OPINION: Congress can slow illegal immigration by making legal immigration easier


Connor Hughes

In today’s age of politics, consensus is exceedingly rare – particularly in national politics. However, one has emerged: the United States’ immigration system is broken.

Conservatives point to caravans of people coming to the U.S., tearing down fences and showing little regard for the rules of the country they are entering. 

In March, President Donald Trump tweeted, “We are apprehending record numbers of illegal immigrants – but we need the Wall to help our Great Border Patrol Agents!”

More recently, liberals observed the inherent cruelty of Immigration and Customs Enforcement raids ripping families apart and devastating local communities. 

Rep. Alexandria Ocasio-Cortez, D-New York, made headlines for calling detention centers on the border “concentration camps,” invoking imagery of the Holocaust by using the phrase “never again.”

Yes, both sides engage in hyperbole, but not equally. Trump’s immigration policy frequently dances the line of xenophobia, often crossing it with comments calling “some” immigrant Mexicans “rapists and criminals.” Ocasio-Cortez’s comments absolutely drip in political rhetoric and beg the question, where was the outrage regarding these camps under the Obama administration? 

Liberals have proposed a variety of solutions – the dumbest belonging to Julian Castro, who proposed making illegal entry into the country a civil, rather than criminal, penalty, which would decriminalize the border.

Liberals, if you would like four more years of Trump, follow Castro’s approach – the attack ads will write themselves.

Here are the facts: according to the Fiscal Year 2018 ICE Enforcement and Removal Operations Report, ICE booked 396,448 people into custody, be it from waiting for an asylum claim or detained due to illegally entering the U.S. In 2017, the Pew Research Center estimated 10.5 million immigrants were in the U.S. without legal permission. The ACLU tracked at least 2,654 children detained by the Trump administration due to the family separation policy. In 2017, ICE arrested or sent back just over 400,000 people at the southern U.S. border.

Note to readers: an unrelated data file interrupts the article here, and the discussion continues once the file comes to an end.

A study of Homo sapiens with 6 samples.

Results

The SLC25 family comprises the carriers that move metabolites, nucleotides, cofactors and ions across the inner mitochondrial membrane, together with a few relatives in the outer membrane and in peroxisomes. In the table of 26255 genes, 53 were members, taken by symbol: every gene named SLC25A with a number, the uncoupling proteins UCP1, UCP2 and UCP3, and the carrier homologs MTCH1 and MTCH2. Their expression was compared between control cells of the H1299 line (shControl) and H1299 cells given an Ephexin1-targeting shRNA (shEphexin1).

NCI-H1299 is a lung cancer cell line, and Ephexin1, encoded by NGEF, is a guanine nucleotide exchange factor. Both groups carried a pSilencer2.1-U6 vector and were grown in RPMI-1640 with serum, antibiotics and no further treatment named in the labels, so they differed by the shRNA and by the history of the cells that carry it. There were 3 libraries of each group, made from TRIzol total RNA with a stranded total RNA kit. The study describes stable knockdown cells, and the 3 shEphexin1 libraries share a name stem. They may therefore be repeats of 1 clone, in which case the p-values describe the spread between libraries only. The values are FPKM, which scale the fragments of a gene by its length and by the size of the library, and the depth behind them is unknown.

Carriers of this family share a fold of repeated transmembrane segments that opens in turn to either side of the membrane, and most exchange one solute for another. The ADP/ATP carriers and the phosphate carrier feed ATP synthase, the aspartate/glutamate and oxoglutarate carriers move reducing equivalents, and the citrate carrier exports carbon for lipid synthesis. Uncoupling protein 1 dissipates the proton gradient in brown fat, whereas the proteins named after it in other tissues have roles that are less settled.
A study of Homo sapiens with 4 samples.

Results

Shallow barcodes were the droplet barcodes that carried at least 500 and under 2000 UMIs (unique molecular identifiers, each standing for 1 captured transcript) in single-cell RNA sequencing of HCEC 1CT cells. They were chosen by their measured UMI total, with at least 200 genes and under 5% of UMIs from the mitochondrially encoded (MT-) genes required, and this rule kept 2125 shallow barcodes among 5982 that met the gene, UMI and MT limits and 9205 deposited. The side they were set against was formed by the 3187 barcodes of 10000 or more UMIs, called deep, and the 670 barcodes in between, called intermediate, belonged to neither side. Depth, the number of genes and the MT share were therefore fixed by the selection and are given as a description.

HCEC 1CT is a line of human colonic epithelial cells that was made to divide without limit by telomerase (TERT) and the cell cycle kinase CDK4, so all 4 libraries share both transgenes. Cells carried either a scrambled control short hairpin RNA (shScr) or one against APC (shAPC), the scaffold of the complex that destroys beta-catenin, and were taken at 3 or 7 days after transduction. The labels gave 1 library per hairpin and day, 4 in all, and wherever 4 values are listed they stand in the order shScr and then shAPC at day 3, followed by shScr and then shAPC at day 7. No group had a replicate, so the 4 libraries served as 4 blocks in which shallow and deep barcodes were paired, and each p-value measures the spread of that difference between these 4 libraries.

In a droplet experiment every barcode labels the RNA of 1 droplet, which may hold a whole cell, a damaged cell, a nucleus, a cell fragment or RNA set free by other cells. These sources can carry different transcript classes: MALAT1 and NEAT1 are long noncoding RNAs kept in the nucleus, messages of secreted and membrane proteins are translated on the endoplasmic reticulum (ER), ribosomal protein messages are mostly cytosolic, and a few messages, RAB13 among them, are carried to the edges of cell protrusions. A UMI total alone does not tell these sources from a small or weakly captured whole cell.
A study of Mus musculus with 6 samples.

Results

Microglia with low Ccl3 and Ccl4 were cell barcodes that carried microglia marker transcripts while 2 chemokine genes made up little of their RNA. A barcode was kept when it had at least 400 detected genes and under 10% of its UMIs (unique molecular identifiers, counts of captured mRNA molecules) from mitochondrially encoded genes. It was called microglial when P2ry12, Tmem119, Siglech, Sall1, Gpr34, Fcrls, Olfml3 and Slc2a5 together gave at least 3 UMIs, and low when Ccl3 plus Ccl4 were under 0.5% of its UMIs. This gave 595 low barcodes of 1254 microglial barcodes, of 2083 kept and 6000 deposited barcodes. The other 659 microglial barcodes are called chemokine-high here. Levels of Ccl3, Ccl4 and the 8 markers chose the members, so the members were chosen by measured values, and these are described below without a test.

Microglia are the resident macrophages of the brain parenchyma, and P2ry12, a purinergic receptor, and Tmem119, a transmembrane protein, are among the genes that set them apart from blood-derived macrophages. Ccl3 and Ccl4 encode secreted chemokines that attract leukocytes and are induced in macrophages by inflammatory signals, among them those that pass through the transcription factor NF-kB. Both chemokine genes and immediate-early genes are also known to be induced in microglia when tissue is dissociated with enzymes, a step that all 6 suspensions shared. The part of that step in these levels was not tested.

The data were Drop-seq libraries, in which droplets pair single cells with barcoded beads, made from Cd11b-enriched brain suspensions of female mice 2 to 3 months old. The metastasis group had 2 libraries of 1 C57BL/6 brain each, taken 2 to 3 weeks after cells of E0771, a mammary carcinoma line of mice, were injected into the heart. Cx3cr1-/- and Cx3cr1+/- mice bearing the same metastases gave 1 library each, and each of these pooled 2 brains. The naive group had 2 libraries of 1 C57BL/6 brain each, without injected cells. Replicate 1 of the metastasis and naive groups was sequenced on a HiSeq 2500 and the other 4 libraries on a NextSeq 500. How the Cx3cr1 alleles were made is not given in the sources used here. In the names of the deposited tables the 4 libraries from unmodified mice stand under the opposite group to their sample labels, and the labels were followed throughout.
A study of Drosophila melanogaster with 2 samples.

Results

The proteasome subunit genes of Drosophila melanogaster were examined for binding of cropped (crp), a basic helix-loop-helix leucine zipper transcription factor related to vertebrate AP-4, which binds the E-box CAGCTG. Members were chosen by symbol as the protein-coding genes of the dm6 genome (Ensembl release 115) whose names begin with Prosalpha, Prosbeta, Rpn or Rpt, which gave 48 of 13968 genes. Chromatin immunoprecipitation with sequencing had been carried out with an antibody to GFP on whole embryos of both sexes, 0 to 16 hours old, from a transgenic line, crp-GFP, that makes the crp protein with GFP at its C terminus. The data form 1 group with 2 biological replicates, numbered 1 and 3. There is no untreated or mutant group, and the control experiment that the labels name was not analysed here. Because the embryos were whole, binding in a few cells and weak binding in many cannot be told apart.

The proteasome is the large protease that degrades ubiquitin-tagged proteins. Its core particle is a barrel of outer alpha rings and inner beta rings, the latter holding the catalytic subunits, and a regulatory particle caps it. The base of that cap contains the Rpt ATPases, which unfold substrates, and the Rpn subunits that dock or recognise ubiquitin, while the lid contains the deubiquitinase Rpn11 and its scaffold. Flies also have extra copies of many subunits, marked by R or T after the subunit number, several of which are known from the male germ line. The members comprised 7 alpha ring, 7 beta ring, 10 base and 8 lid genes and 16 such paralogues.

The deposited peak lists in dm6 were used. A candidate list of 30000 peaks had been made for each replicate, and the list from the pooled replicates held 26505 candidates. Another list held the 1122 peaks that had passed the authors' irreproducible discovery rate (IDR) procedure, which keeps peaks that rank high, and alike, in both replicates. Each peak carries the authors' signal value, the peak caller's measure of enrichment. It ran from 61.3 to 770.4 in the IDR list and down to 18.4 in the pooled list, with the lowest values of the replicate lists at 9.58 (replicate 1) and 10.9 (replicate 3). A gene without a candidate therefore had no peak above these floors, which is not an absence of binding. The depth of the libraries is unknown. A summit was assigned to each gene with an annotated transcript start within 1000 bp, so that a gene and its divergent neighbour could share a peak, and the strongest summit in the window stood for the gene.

Illegal immigration has largely declined since 2000, but, as the statistics show, a large number of individuals are still affected by immigration policies.

The venerated wall of Trump’s dreams is not a good solution. Immigration policy experts believe a combination of technology, including more surveillance and radar systems, and increased numbers of border patrol agents are better solutions than a massive wall.

Janet Napolitano, Obama’s Homeland Security secretary from 2009 to 2013, was ahead of her time when critiquing President George W. Bush’s border policy, saying, “You show me a 50-foot wall, I’ll show you a 51-foot ladder.”

The same is applicable to Trump’s infamous border wall.

One area we all can agree on is: taking families out of established living in the U.S. is significantly more cruel than preventing entrance in the first place. Imagine establishing a life, creating a family and giving back to the community, all for it to be ripped away one day. We should do as much as possible to prevent these scenarios. One solution is by decreasing the number of immigrants that successfully enter the country illegally in the first place. 

It is important to keep the offense at hand in mind. Illegal immigration violates both the principle of state sovereignty and the rule of law. Many of these immigrants come from terrible situations, but it is not fair to allow them to cut the line to our country when the U.S. has an established system, particularly when people wait for years on end to acquire the documents necessary for legal entry. 

Immigration laws are created by elected representatives, to ignore them is to ignore the living will of the people, a basic affront to our system of government.

So, how do we stop this? Invest more money specifically for border patrol and technology. Congress has the power of the purse, hop to it. Invest in more immigration judges to process asylum claims quicker, thus reducing the average stay in detention centers. Speed up and reduce costs of the legal immigration system to eliminate incentives for illegal entry. 

Lastly, conservatives should look to the not-too-distant past regarding immigration policy: Ronald Reagan was the last president to grant mass amnesty to illegal immigrants. There should be some penalty paid for breaking U.S. law — but uprooting families is psychologically damaging, morally reprehensible and prohibitively costly. Perhaps contributing to but not receiving social services, outside of programs for children, repays the crime committed.  

The U.S. is simultaneously a nation of immigrants and a nation of laws, we should honor both traditions going forward. Rather than a wall or political rhetoric, it’s time for legitimate solutions to come to the forefront that prevent devastating cruelty in the U.S.